Friday, May 8, 2009

Loving animals

Loving animals was not a significant part of our household as I was growing up. Oh, we had a dog -- a high-strung puddles-on-the-floor-during-every-thunderstorm cocker spaniel. Her name was Lochinvar, because my mother's ancestrally Scottish family had dogs named Lochinvar for 150 years. But Locky was really my mother's dog, despite having arrived under the tree "for little Diggitt" when I was three.

Duke the Dog accompanied me when I went off in 1970 to see America before it burned, and lived with me on West 81st Street until I moved to London. Katie Cat lived in my London house and gave me my first real experience of an animal's idiosyncracies.

But I am indebted to Lydia's dad for insisting that we get a ferret so our little girl could have a pet. In a household with allergies, cats and dogs were out but he had read that ferrets were allergen-free. So following up an ad in the Pennysaver, he and three-year-old Lydia met some strangers in a parking lot and for $50 received a cage and Ferris (whose name was immediately changed to Ferrous, in honor of the Steel Valley). Inset picture: postcard ferret that looks a lot like Ferrous.

Over the next ten years, we had seven ferrets altogether. Once we started we just couldn't stop! The only thing cuter than one is two. The only thing cuter than two is three. The only thing cuter than three ferrets is four ferrets! Lydia and I used to drop into a pet store in Central Avenue just to look at their ferrets -- as if when we were out on errands, we needed a ferret fix.

The owner asked me one day, "Don't you already have a ferret?"

"Actually, we have four," I answered.

He fixed his eye upon me. "I hear they do best by fives," he said.

Dr. Tepper, the local vet, said to me one day, "You're not the kind of person I would expect to have ferrets, " he said. I asked him what he meant.

"Oh, ferret owners tend to be ... you know, anti-establishment types," he explained. He was too nice to say, you know, trailer trash. Ferrets are not found in upper-middle-class households; probably the stench of the poacher is on them, from Europe, and will never go away.

Ferrets can always be found in the pockets of Dan Mallett, the poacher/detective in Frank Parrish's short-lived (alas!) series of detective stories. Except when he "be thieven or wenchen," as his mother would say. Dan Mallett is without a doubt the most attractive good-and-bad guy in all of detective literature; in the books no woman can resist him and goodness know I couldn't either. He loves his little guys although so far as we know, they are nameless.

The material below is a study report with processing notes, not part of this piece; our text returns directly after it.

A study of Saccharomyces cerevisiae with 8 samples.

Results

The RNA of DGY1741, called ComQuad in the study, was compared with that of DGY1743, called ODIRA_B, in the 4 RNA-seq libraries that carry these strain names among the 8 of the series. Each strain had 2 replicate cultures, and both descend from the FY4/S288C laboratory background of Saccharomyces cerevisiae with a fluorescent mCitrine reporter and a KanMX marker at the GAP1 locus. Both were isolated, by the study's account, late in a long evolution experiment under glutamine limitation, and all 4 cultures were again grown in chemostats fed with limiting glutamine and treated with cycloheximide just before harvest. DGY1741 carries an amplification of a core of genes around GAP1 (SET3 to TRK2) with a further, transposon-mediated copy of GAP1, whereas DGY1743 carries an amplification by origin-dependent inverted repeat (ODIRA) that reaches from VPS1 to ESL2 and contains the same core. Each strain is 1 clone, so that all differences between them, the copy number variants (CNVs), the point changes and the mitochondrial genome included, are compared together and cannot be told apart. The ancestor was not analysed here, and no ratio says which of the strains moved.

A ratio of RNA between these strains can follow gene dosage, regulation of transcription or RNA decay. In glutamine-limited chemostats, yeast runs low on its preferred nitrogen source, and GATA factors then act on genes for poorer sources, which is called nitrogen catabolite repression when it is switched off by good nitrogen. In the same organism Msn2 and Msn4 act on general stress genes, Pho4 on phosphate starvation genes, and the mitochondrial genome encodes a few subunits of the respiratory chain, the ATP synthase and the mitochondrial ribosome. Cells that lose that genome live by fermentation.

The etymology of ferret is Latin or maybe Anglo-French, but whichever word it comes from, the meaning was thief (same root as furtive), and in fact many of our stories about Ferrous, Eric, Popper, Boudicca, LeWeasel, Tequila,and Sherlock come from their thieving. Thieving or not, all our stories relate to their curiosity or sense of fun.

Fun? Once, on the Friday that spring break started, our neighbors were to leave for Paris but a blizzard hit. They couldn't get to the kennel, so they asked us if we could take Charlie the Yorkie overnight and deliver him to the kennel the next day. So Charlie came for the night to a house with four ferrets. They had a field day with Charlie! One after another would creep out with a clear "Let's play!" message. The ferret would run, Charlie would chase, and the ferret would dash into a hole at the bottom of the couch. Charlie would run around to the back of the couch. Then he'd reappear with a great big question mark over his head. Then another ferret would appear and chitter at him, and it would start over. Finally Charlie caught on that somehow ferrets went to a place he couldn't get to ... but it was clearly fun for the ferrets while it lasted. And it lasted for nine days because we never took Charlie to the kennel ... it was just a hoot having him around.

So why do I bring up small animals? Because of this article about veterinarian Dr Chris Carskaddan, whose mission is clearing for entry into the U.S. the pets that our soldiers have adopted overseas. It acknowledges so much: the big acknowledgements are the humanity of our soldiers and the need for us all to be in touch with animals.

And the post several days ago when I included the video of the laughing rats? Terry responded saying that's a good reason for being vegetarian like she is. I'm working on it, folks. Most of the time now I don't eat anything with a face either. I'm not proselytizing; eating lower down the food chain is a greener way to live as well.